Apologetic books, an evergreen genre of titles that offer arguments and justifications for Christian beliefs, do not usually top bestseller lists. Nevertheless, as a new generation of readers looks for ways to explain, stay with, or enter the faith, several Christian publishers are supplying numerous new books from now through the fall.

“Apologetics is changing; the questions people ask these days are different from a generation ago,” said Ethan McCarthy, assistant editor, IVP Books at InterVarsity Press. “Apologetics has an important role in society, but to remain viable, it needs to grapple more honestly with post-modernism and the questions people ask today.”

IVP is releasing two books in the category: Disruptive Witness: Speaking Truth in a Disruptive World by Alan Noble (July) and Faith in the Shadows: Finding Christ in the Midst of Doubt by Austin Fischer (Sept.). For Fischer, a pastor based in Texas, today’s apologetics genre provides a way for readers to cope with doubt—something he says the church struggles to do. “I want to show there has always been a place for doubt within the Christian faith,” he said.

Apologists from the Apostle Paul and Tertullian to bestselling authors such as C.S. Lewis, Josh McDowell, Timothy Keller, and Lee Strobel use their writing to provide reasons to be a Christian while defending the faith. Some books are geared more toward existing believers rather than outsiders of the faith. For example, Zondervan is publishing Strobel’s new book, The Case for Christ: Daily Moment of Truth (Sept.), written with Mark Mittelberg. The devotional encourages Christians to grow a stronger faith and is based on Strobel’s 1998 bestseller, The Case for Christ: A Journalist’s Personal Investigation of the Evidence for Jesus (Zondervan).

“I think it’s the golden era of Christian apologetics,” said Strobel, professor of Christian thought at Houston Baptist Seminary. “There are debates going on, engagement on social media, [and] apologetics in different genres [such as the film version of The Case for Christ]. I think evangelism in the 21st century is spelled apologetics.”

Zondervan is also publishing Apologetics at the Cross: An Introduction for Christian Witness by Mark Allen and Joshua Chatraw (May), Cultural Apologetics: Renewing the Christian Voice, Conscience, and Imagination in a Disenchanted World by Paul M. Gould (Nov.), and Saving Truth: Finding Meaning Clarity in a Post-Truth World (May) by Abdu Murray.

“Murray has seen Christianity from the outside and the inside,” said Zondervan senior acquisitions editor Madison Trammel, referring to Murray’s conversion from Islam to Christianity. “He’s specially equipped to articulate what sets Christianity apart from other world views.”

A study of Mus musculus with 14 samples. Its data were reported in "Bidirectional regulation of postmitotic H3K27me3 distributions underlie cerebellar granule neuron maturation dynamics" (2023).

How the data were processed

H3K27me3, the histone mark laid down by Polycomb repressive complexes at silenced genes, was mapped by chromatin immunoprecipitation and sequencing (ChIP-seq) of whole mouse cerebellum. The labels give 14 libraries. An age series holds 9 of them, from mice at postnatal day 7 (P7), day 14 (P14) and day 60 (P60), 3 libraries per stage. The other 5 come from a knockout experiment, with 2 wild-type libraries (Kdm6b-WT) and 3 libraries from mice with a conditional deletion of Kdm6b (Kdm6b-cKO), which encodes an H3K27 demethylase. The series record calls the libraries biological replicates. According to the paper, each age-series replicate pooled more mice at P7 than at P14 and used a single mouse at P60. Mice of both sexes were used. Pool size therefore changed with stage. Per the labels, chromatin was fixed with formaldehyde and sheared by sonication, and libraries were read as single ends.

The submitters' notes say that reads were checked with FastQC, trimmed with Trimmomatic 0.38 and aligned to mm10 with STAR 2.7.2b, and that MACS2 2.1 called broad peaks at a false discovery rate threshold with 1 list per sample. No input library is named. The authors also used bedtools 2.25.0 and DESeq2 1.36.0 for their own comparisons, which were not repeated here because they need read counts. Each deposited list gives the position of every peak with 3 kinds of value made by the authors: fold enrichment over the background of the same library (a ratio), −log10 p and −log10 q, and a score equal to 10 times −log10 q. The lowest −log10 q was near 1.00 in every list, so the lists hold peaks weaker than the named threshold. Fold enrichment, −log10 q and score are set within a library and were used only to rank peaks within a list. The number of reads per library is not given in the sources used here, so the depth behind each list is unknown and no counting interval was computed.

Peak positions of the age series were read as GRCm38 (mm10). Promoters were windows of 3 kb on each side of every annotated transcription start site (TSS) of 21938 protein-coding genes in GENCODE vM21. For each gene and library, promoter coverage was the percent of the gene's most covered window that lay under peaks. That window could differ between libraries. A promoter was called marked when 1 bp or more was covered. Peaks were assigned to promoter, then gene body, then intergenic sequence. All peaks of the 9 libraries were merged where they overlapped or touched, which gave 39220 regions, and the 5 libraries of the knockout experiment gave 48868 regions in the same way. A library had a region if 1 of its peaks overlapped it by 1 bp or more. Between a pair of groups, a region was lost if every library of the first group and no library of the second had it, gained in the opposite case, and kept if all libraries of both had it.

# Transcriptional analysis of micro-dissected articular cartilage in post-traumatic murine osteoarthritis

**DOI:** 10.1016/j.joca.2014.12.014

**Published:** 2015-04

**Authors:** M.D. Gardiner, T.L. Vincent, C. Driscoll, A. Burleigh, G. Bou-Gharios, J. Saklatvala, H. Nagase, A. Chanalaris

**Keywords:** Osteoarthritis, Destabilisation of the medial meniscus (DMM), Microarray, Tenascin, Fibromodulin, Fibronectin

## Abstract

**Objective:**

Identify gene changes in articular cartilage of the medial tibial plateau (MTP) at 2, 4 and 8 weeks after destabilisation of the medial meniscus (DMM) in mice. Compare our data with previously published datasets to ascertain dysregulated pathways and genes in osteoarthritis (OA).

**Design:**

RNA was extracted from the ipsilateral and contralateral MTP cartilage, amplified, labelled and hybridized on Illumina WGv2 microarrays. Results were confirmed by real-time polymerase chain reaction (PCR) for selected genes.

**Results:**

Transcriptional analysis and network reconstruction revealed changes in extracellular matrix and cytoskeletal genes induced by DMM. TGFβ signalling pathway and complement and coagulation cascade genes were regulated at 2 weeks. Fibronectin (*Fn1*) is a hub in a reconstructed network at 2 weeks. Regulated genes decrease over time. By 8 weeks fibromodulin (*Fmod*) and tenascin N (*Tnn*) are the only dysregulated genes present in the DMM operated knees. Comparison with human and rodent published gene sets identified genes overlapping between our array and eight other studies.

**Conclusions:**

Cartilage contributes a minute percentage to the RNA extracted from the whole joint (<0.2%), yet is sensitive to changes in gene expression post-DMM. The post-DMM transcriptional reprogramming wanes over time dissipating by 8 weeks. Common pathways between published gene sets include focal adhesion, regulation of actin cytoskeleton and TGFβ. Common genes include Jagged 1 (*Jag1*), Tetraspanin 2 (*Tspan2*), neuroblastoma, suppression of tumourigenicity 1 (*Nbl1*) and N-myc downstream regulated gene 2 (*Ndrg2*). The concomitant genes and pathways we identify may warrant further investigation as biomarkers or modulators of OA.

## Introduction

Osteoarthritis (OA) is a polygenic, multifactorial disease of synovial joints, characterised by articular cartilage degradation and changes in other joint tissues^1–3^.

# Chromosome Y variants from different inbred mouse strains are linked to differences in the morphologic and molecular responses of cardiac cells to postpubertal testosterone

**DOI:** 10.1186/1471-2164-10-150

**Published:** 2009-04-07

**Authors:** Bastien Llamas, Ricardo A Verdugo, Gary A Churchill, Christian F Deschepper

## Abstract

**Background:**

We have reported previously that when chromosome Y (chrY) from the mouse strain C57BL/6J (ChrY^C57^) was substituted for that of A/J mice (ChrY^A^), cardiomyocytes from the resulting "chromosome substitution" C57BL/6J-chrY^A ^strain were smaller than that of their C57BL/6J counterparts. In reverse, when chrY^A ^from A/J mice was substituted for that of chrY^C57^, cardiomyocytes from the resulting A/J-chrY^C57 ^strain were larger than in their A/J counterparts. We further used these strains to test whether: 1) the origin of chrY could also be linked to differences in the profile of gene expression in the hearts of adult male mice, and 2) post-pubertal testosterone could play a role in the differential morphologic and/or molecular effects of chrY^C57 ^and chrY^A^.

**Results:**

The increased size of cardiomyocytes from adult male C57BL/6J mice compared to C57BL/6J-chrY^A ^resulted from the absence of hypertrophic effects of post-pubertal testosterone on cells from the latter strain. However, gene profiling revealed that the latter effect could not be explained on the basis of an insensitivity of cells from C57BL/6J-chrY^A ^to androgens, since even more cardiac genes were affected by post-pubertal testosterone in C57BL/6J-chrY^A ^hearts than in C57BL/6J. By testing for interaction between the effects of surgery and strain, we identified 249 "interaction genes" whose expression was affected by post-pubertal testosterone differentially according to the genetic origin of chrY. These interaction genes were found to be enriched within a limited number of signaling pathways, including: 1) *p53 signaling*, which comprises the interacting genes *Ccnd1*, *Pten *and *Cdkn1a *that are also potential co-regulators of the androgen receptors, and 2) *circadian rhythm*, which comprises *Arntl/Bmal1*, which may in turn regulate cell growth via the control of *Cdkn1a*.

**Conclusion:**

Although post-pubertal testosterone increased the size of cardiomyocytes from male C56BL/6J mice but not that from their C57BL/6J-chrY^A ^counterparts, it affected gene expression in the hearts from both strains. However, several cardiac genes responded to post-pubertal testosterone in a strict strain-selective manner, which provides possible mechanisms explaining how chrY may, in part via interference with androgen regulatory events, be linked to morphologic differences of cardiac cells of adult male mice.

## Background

Offering a new voice in a genre largely dominated by men, Bonnie Kristian answers hard questions such as “are men and women equal in the church and home?” in A Flexible Faith: Rethinking What It Means to Follow Jesus Today (FaithWords, May).

Keren Baltzer, senior editor at FaithWords, described Kristian as “an apologist arguing for staying in the church.” A Flexible Faith explores different variations of Christianity, such as Messianic Judaism and Liberation Theology, and Baltzer said, “There are a lot of things on the spectrum of faith that we shouldn’t be leaving [the church] over.”

Catholic voices are also being heard in the field. In October, Ave Maria Press is publishing What Do You Want to Know? A Pastor’s Response to the Most Challenging Questions about the Catholic Faith by Cardinal Donald Wuerl. According to Jon Sweeney, consulting editor-at-large for Ave Maria, 25 million Catholics are asking for clear answers to basic questions, such as whether one religion is better than another. “We hope Cardinal Wuerl’s book helps illuminate aspects of the faith that are of great importance to people,” he said.

Additional apologetics books being published this year include The Landscape of Faith: An Explorer’s Guide to the Christian Creeds by Alister McGrath (SPCK), and two books from Baker Academic: Finding Ourselves after Darwin: Conversations on the Image of God, Original Sin, and the Problem of Evil, edited by Stanley P. Rosenberg (July), and Theodicy of Love: Cosmic Conflict and the Problem of Evil by John C. Peckham (Nov.).

“Among other things, the discipline of apologetics asks whether Christian faith is warranted in light of arguments to the contrary,” said David Nelson, Ph.D., acquisitions editor at Baker Academic and Brazos Press and the editor of Theodicy of Love.

According to Nelson, Peckham’s book offers a new perspective of one of the oldest challenges in apologetics—God’s relationship to evil. “How can and do Christians justify belief in a loving, omnipotent God in world that at least appears to be governed by evil,” Nelson asked. “Peckham’s approach won’t convince everyone. But it extends the evergreen conversation, [and] we hope that the book will challenge readers to rethink an old problem.”